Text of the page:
About a dozen years ago, physicist Albert Wattenberg was poking about in the Chicago branch of the National Archives. He was looking for artifacts used by Enrico Fermi and his team of nuclear physicists in achieving the first self-sustaining nuclear reaction in the squash court under the University of Chicago's football stadium in December 1942.
Wattenberg had been on Fermi's team. Now, more than 50 years later, he reached into a box and picked up an 8-inch metal rod. Its heft surprised him. "There's only one metal that heavy," he thought. It was uranium. Radioactive uranium.
Wattenberg's discovery led to an examination of other documents and artifacts in the archives. Hundreds of laboratory notebooks and papers dating from the early days of nuclear research turned out to be contaminated with radioactivity.
The early 1940s were a careless time in nuclear physics. Scientists were heady with the excitement of discovery. The dangers of radiation were not as well understood as they are today, and safety sometimes went by the board. Many researchers and workers were accidentally contaminated. Research on the physiological effects of radiation was a medical necessity.
Some medical experiments were entirely proper and useful. Others raise troubling questions of ethical responsibility. In 1945-47, eighteen supposedly terminally-ill hospital patients were injected with high doses of plutonium to learn whether the body absorbed it, without informed consent of the patients or their families. About the same time, six hospital patients were injected with uranium salts to determine the dose that produced injury to the kidneys; again, without informed consent. More than a hundred prison inmates had testicles exposed to x-rays to determine the effect of radiation on sperm production. Eleven comatose brain cancer patients were injected with uranium to learn whether it is absorbed by brain tumors. In other medical experiments, small and probably harmless levels of radiation were used as "tracers" on populations that included infants, retarded children, blacks, and women, often without informed consent. All this in addition to the deliberate exposure of soldiers to detonations of nuclear weapons.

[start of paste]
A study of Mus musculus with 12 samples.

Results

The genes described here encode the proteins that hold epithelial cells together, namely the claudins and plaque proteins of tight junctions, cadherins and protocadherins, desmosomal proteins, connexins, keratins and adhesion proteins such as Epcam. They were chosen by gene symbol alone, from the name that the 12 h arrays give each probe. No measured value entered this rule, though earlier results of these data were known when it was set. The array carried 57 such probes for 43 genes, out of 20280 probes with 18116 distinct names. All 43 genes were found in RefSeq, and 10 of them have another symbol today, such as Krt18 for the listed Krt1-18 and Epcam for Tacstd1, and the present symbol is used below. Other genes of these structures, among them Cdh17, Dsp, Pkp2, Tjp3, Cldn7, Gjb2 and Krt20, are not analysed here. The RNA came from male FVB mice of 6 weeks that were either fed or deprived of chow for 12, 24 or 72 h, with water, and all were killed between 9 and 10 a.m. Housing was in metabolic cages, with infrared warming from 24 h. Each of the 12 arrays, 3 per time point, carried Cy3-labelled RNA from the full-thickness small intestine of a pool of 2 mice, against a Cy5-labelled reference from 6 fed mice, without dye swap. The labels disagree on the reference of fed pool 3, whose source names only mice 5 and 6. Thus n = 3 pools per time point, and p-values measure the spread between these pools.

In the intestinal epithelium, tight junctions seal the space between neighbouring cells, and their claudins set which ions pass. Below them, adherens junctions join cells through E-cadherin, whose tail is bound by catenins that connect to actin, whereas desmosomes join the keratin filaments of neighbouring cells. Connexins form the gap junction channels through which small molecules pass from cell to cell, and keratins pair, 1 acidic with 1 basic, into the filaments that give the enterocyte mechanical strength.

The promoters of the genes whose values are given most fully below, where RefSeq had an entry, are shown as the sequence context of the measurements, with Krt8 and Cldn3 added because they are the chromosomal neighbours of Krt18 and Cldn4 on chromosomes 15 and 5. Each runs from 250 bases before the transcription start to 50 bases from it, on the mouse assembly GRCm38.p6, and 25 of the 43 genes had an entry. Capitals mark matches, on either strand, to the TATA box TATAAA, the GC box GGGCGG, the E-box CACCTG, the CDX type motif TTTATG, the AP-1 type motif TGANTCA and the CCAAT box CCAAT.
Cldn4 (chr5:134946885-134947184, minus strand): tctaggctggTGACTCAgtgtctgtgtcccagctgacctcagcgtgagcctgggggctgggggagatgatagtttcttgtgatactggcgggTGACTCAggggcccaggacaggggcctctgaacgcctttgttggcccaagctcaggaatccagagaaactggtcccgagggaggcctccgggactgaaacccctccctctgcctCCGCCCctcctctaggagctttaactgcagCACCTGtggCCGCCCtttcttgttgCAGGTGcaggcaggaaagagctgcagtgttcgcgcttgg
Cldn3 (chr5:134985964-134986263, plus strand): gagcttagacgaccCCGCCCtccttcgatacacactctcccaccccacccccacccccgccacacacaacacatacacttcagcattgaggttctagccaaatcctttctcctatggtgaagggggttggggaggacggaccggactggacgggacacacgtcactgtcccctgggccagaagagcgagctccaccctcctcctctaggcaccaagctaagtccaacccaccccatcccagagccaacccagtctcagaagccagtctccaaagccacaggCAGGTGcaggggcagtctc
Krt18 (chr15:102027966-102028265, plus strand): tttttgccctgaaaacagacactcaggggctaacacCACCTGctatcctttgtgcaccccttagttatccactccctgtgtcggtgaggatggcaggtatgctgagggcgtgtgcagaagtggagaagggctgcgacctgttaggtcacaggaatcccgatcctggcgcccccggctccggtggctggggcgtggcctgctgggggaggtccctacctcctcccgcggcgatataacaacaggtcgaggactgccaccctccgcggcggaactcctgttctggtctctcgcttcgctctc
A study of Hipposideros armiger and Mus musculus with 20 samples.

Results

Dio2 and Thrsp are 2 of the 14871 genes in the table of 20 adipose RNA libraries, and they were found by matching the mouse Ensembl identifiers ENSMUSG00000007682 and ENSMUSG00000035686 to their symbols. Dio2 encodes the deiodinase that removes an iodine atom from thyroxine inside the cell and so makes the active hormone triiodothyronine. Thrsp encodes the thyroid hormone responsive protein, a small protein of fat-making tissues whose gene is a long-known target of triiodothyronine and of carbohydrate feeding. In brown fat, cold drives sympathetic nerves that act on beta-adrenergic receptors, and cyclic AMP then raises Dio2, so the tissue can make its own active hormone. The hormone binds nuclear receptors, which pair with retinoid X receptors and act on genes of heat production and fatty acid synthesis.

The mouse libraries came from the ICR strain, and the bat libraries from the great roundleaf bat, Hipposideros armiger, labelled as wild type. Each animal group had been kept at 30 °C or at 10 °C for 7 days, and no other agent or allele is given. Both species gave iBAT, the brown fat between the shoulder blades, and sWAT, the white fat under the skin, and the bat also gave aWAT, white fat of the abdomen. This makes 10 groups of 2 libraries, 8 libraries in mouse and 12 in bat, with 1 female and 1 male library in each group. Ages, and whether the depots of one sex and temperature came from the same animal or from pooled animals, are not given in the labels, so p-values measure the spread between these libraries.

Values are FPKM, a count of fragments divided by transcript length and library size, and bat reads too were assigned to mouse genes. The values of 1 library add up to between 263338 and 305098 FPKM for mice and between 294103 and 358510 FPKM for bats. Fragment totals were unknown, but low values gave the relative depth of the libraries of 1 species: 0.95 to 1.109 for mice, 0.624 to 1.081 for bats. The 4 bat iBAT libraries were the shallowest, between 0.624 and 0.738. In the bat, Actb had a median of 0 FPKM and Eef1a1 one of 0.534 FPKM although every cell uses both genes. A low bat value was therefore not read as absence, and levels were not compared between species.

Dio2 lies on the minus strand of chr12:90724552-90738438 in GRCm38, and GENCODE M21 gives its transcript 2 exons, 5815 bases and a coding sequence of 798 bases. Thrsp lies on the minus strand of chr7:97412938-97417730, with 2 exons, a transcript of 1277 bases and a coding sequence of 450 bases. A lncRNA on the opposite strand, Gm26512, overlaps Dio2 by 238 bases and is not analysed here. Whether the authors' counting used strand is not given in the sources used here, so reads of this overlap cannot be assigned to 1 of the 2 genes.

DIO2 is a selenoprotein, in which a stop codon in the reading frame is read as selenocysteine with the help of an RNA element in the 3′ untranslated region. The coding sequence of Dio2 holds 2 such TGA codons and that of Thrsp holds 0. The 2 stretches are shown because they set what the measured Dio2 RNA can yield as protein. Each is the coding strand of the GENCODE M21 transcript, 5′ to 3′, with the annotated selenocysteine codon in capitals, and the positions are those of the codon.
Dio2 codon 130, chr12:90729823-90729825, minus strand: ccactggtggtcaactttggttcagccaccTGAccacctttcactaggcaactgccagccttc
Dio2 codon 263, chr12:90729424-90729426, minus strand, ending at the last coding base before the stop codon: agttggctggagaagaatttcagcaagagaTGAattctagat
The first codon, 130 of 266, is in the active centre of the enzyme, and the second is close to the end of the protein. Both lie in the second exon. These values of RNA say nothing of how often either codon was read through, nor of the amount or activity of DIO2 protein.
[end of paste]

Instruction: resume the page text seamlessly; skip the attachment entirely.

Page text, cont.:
In retrospect, it is easy to make judgments about the inappropriateness of these experiments. At the time, the ethical issues were presumably less clear, national security seemed paramount, and safety rules were lax by present standards (Can you imagine an experimental reactor in the heart of Chicago today?). In their zeal to discover, the nuclear scientists sometimes risked the health and lives of themselves and others, including the helpless, the incarcerated, and the terminally ill. In their enthusiasm to discover, they left contaminated fingerprints on the pages of history.